We all have regrets — money regrets, that is. But, like all mistakes, we wouldn't be who — or where — we are today without them. In our "Money Fails" series, real people share how they bounced back from financial slip-ups, and what they learned along the way.
Here, one writer shares how a lax approach to her taxes led to a surprise bill from the IRS.
It was a snowy January afternoon when I opened my mailbox and found a letter from the IRS. As someone raised in a house with occasional tax troubles, I knew that this type of letter usually brought bad news. This particular one informed me (in complicated verbiage) that my husband and I owed about $2,000 in taxes.
There’s never a good time to get an unexpected bill for thousands of dollars, but this was especially terrible timing: My husband and I were two weeks from closing on our first home, and couldn’t afford any trouble — or any payments. I felt totally helpless as I imagined our dream of homeownership slipping away.

How We Got Here

I’ve always done my own taxes, even through years of dabbling in freelance writing, and I'd never had a problem. Until I started making serious money.
For the tax year in question, I made five figures and had sent a check to the government in April for a few hundred dollars — what I thought I owed. Then I continued to grow my business, bringing in even more income.
But I didn't follow industry advice and set aside 20% of my income for the next tax bill. There was just always something more pressing to do with those funds.
So by January, I was already beginning to worry about how much I'd need to pay. When I was holding proof that I owed an additional $2,000 from the year before, I felt overwhelmed and silly for not saving.

Making a Plan

I met with a tax professional, who discovered an incorrect 1099 tax form from a client had caused me to miscalculate. I set up a payment plan with the IRS incorporating the back taxes and my balance for the current year, which brought our total owed to about $4,000.
Luckily, to start the payment plan we were only required to pay a small percentage up front, so our homebuying plans weren't derailed. We successfully closed on our house and we haven't had any tax issues since (knock on wood). Here's what I learned throughout the process.
1. The IRS really isn’t that scary. Lots of Americans fear the IRS, which isn't all that surprising since they can garner wages and seize assets with more freedom than most creditors.
However, these are extreme solutions. My tax letter came with simple options: Accept the agency’s findings and pay what I owed or provide proof that my numbers were correct. As the tax professional told me, the IRS wants the money you owe, but they’re not out to cause you unnecessary strife to get it.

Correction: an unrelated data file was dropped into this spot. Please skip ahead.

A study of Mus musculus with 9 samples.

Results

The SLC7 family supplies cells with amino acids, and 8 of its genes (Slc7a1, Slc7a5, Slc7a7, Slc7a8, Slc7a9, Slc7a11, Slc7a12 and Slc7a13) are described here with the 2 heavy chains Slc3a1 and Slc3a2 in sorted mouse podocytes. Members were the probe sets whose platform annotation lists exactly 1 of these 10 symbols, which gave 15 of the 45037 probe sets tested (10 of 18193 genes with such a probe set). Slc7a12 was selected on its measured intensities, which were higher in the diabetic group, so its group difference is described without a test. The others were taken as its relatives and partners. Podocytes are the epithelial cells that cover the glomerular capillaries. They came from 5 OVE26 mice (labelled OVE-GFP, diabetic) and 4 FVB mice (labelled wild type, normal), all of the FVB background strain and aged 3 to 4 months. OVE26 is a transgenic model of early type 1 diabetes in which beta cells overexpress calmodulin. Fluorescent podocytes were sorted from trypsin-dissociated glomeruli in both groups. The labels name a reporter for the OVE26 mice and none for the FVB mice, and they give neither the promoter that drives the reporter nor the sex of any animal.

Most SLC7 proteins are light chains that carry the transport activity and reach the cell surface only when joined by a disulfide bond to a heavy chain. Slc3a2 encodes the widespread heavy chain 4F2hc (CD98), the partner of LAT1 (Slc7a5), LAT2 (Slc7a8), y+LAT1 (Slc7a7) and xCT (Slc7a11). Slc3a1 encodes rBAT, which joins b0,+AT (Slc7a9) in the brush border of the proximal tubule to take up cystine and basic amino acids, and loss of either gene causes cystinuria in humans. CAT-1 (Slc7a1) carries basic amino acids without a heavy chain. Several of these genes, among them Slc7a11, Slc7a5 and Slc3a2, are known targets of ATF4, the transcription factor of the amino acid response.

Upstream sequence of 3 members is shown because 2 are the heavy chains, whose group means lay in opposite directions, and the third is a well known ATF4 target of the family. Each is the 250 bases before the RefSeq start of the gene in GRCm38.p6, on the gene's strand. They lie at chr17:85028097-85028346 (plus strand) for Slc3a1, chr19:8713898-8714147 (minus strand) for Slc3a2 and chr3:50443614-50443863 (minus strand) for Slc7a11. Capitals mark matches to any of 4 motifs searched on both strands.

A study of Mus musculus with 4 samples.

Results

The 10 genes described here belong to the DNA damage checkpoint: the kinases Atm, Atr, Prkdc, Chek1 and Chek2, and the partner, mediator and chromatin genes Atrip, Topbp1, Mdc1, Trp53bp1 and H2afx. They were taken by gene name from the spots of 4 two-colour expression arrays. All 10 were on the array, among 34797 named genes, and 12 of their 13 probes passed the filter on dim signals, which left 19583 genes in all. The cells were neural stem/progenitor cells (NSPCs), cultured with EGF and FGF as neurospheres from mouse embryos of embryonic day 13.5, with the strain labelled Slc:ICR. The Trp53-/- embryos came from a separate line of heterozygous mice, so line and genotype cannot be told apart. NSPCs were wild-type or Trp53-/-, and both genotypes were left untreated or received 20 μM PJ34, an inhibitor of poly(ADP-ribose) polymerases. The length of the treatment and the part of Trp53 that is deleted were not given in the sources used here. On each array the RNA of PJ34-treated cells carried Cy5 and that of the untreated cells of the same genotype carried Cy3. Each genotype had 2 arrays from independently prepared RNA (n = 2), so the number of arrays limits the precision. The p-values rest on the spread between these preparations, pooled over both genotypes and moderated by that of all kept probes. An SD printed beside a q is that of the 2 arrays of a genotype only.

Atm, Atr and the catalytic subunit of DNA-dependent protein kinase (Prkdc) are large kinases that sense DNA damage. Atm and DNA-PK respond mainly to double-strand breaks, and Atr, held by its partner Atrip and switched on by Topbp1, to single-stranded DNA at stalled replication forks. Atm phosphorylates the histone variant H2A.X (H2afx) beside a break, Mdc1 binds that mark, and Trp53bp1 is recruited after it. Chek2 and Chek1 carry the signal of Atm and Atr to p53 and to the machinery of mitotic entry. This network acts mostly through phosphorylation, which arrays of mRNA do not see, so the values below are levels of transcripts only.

2. Don't panic. In my mind, tax debt meant big consequences, but the reality was much more tame. My husband and I just needed to file a form 9465 to request an installment agreement (something my parents explained to me, having done it themselves in the past). The IRS even asked us how much we could pay each month and set that as the payment amount.
3. Pay taxes quarterly. Freelancers don't have employers withholding taxes from our paychecks like traditional, full-time employees do. To avoid one giant payment, it's usually a good idea to pay quarterly estimated taxes — and if you expect to owe more than $1,000 in taxes for the year, you’re required to make quarterly payments.
When I first started freelancing, I wasn't paying quarterly because my husband and I filed jointly and his refund usually cancelled out what I owed. Now, though, I make sure to set money aside for my quarterly payments.
4. A change of mindset goes a long way. Giving the IRS a chunk of my hard-earned income is irritating, but I needed to come to terms with it. Now, I look at my ever-increasing tax payments as a sign that my business is growing, and I also give myself kudos for (finally) learning to save ahead of time.
Today, there are no more thick letters or tax panic for me. My husband and I still make installment payments on that debt (we're taking a pretty slow approach to focus on our higher-interest debts first), but we have kept current with quarterly payments for the two years since. Overall, that makes us much less stressed leading up to April 15.